Tuesday will be the first day in a new school for many kids, whether they’re starting out, changing to secondary, or moving from somewhere else. Our son has changed schools four times in seven years for various reasons, with another new school this year. His last change, to a Canadian school in 2013, didn’t go smoothly, unlike all the others that preceded it. I felt guilty; it was my work that took us to Canada. I asked colleagues what helps when students start in a new school, to try to help our son manage.
I only changed school once, in year ten, and not by choice. I spent the first week trying to find my way around on my own. It was hard to get to know new kids and to understand the teachers and rules. Some kids were mean, probably just because I was new, but I didn’t know that; I thought it was me. And then, one lunchtime in the second week, a girl named Leanne Earle said, “Come and sit with us.” We remained friends until she left school at the end of that year.
So what helps the new kids? What should teachers, parents, and the kids themselves do? Well, friendship – Leanne’s Earle’s reaching out – is certainly at the top of most lists. One teacher friend I asked said it’s absolutely essential to approach a “carefully selected” member of the class, or a group, who have interests in common with the new student, and ask them to provide company in the first week. She said this is especially important at recess times when it’s “heartbreaking for someone to have to stand by themselves in a new place.” Even if the students don’t end up friends, it provides crucial initial support. She also said that “any teacher who makes the new student stand up in front of the class and introduce themselves on the first day should be shot.” She flips this practice, giving the other students an opportunity to introduce themselves to the new student.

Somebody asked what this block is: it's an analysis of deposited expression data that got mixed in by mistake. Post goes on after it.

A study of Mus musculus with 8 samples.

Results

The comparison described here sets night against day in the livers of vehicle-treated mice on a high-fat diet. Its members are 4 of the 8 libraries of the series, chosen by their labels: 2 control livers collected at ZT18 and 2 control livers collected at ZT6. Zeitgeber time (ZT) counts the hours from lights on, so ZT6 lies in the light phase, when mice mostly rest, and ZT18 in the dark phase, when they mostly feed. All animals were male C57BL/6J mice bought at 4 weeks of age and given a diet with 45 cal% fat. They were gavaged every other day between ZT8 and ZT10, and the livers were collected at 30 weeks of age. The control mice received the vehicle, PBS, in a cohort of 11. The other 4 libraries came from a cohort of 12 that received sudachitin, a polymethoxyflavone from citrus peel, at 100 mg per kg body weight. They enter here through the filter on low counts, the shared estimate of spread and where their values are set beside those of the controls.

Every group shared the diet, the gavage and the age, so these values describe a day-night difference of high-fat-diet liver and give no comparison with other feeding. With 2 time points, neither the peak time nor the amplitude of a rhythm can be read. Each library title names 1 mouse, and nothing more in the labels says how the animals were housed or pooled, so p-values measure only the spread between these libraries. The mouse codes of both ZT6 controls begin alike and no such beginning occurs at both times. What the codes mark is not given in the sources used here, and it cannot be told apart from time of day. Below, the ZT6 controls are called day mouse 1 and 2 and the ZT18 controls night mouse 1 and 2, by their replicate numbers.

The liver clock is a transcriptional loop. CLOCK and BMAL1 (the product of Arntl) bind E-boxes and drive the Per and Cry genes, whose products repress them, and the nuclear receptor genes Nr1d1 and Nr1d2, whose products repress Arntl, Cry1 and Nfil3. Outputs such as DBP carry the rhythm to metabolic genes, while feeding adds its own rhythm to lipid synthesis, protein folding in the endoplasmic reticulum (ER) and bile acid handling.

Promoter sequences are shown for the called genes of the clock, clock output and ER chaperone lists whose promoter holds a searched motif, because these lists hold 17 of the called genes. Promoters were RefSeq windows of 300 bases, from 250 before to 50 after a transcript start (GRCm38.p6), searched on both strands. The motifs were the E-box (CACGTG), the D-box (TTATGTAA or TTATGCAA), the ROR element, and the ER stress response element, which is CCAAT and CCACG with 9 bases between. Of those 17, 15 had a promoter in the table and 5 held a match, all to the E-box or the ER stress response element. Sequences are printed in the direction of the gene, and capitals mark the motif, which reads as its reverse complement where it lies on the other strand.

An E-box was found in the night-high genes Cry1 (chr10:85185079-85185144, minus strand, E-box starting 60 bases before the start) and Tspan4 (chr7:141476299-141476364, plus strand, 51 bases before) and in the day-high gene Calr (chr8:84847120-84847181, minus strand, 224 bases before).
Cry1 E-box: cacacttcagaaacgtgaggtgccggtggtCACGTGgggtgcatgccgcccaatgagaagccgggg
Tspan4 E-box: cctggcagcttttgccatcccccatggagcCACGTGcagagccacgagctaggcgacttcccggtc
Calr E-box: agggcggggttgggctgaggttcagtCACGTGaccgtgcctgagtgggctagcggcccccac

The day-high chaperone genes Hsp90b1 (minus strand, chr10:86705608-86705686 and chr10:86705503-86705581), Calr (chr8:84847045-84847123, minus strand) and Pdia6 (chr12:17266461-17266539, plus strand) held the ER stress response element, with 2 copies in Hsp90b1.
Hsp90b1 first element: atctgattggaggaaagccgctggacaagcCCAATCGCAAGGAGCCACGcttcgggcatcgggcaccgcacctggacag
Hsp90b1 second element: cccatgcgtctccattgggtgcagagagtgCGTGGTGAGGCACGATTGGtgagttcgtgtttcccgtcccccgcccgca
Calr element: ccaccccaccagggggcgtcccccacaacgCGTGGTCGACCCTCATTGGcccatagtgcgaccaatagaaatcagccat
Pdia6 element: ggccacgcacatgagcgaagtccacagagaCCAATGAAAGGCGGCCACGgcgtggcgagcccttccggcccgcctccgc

Another friend, a former school principal, asked her grandchildren, who’d spent time in a school abroad, what had worked for them. Friendship was high on their list too, having friends who “know the school and what to do.” Also, being nice “to the nice people.” But, they said, “You have to be yourself,” and “It’s up to you.”
A psychologist friend said change brings anxiety which “is all about certainty and predictability, or the lack thereof.” This reminded me of Mrs Brandon, my son’s first teacher, who had that rare ability to understand the world the way a child does. She brought the new prep children into class for a morning the year before they started. Many places do this, but Mrs Brandon gave them each a trained prep buddy, showed them the projects the students were working on, went through the timetable, and took them to the toilets and playground. On his first day of school, my son said, “I don’t think it’s going to be hard. I’ve already done it.” I looked quizzically at him. “Last year. I already went to school. Remember?” I was so grateful to Mrs Brandon right then.
In Canada, when my son was having trouble knowing what he was supposed to do and finding friends, the advice of a friend of mine who’d changed primary school every couple of years – her father was a serviceman – really helped. “The important thing for me was being able to come home and unburden to my mum.” I started listening more to what was happening for my son, not trying to fix it, just hearing how awful he was feeling. This was hard for me to do – he was so upset – but he said it helped.
Finally, a friend and mother of five’s advice not only assuaged my mother guilt. It also reminded me that as parents, our job is not to protect our children from everything. It’s to be there. “What can I say about kids moving and transitioning?” she said. “Somehow they do it, and astonishingly well. It’s part of the human condition when all’s said and done.” She’s right. All the same, thank you Leanne Earle, wherever you are. I owe you one.
Based on the column published in The Courier-Mail Qweekend on 25 January 2014. I write mainly about writing, education, birth, health and the thrill of parenting. You can Get in touch, tick the box to receive emails, Like Writer Mary-Rose MacColl on Facebook or follow MaryRoseMacColl on Twitter. Have a great day!